Ketamine Can Be Used As An 'Effective' Treatment To Depression


Michael Minay

Currently, possession of ketamine can see you banged up for five years and facing an unlimited fine. Supplying it, on the other hand, could see you land 14 years in jail, again with an unlimited monetary penalty.

The class B drug, which has also been used as a medical anaesthetic since its discovery in 1962, now faces calls to be less restricted after it was found to cure depression.

Researchers have said it has a 'truly remarkable' effect on people suffering depression, particularly the elderly.

A controlled trial, led by Colleen Loo, a professor at the University of New South Wales in Australia, looked at the drug's effect on how people over 60 resisted depression.


"Sometimes depression in the elderly can be harder to treat, especially with medication.

"Also, they tend to have more medical problems, which can interfere with medication."

Similar effects were noted in younger people.

The study was conducted on 16 participants, with 11 reporting an improvement in their condition while being treated by ketamine.

After six months, 43 percent of the subjects said that they had no significant symptoms of depression - a high rate given that the participants had not responded to previous treatment.


"Some people mistakenly think we are inducing a temporary, drug-induced euphoria, and people are 'out of it', which is why they're not depressed.

"But the effect take place in the first hour, and they're not euphoric at all. In fact, all of our research participants disliked them. They considered them adverse effects.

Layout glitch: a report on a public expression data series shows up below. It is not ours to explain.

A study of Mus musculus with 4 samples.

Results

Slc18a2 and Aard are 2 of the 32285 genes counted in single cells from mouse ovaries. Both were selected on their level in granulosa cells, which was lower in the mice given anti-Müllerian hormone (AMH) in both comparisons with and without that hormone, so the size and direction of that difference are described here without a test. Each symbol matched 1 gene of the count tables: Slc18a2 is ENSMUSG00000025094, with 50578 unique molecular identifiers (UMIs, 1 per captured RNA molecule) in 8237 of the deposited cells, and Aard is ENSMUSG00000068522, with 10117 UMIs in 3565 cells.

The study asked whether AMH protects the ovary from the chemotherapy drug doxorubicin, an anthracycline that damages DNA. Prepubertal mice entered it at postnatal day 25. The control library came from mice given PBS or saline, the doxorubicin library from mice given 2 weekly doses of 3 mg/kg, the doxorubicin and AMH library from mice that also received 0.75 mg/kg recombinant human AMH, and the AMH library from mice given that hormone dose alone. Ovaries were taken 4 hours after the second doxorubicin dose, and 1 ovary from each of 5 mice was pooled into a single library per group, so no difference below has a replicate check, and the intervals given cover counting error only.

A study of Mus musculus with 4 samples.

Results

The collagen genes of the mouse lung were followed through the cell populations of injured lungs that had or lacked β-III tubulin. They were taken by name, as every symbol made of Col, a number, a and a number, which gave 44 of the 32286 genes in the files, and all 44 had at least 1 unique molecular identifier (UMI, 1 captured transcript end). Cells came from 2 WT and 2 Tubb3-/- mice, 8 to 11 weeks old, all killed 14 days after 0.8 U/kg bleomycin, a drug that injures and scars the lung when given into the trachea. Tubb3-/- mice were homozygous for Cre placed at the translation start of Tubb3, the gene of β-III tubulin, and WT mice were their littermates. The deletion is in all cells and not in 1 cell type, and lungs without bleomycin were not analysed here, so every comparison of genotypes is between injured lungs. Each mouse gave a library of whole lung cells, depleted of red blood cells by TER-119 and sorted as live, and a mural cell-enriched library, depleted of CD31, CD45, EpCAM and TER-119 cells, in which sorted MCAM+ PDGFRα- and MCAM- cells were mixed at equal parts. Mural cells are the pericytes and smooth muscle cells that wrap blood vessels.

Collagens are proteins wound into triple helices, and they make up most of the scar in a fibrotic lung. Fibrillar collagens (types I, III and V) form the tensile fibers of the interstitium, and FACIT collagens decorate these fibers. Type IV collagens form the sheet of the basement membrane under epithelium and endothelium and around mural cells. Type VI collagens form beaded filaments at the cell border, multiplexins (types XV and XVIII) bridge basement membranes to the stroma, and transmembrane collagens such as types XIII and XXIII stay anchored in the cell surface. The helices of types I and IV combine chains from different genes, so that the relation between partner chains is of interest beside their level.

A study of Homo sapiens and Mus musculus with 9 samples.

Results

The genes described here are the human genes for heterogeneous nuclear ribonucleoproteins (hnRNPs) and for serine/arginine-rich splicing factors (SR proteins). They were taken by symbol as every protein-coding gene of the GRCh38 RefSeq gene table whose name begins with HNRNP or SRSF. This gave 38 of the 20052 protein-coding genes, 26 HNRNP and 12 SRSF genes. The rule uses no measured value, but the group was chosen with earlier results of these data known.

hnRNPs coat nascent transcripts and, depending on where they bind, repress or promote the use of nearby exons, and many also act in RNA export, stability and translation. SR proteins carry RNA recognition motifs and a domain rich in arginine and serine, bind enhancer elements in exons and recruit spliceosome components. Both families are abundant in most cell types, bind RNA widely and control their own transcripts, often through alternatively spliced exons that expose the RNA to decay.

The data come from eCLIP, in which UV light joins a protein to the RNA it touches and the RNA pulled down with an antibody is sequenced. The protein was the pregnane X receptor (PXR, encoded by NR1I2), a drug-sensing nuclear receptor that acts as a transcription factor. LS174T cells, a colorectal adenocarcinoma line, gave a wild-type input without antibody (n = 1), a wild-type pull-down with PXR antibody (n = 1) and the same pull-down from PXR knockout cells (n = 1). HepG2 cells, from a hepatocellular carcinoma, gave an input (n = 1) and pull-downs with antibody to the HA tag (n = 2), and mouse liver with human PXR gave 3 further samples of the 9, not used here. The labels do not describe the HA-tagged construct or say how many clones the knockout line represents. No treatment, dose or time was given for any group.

"The antidepressant effect kicks in a few hours later and are maximised about 20 hours later, when you're finally alert and in your usual state of mind."

Doctor Rupert McShane spoke to LADbible earlier this year, and said that he agreed with the research findings.

He said: "We don't know exactly [how the drug helps with depression]. It stimulates nerve cells which are retracted to bud - a bit like a tree in winter coming into spring. This helps reduce the over-'wiredness' of depressive thinking."


For Professor Loo's patients, ketamine was administered by using a small injection under the skin, similar to insulin jabs given to diabetes patients.

The dose was personalised for each patient, with those more resistant to anti-depressants receiving more.

However, Loo warned that it was premature to jump into making it a clinical practice.

She added that there are 'super-responders' where a single treatment can last for several months, but the majority relapse over three to seven days, and that's where 'repeated dosing comes in'.

"These results are a promising early piece of the puzzle, but the risks of ketamine use are still not wholly understood," she added. "Future studies with greater sample sizes are needed to formally assess ketamine's side effects, such as its impact on liver function."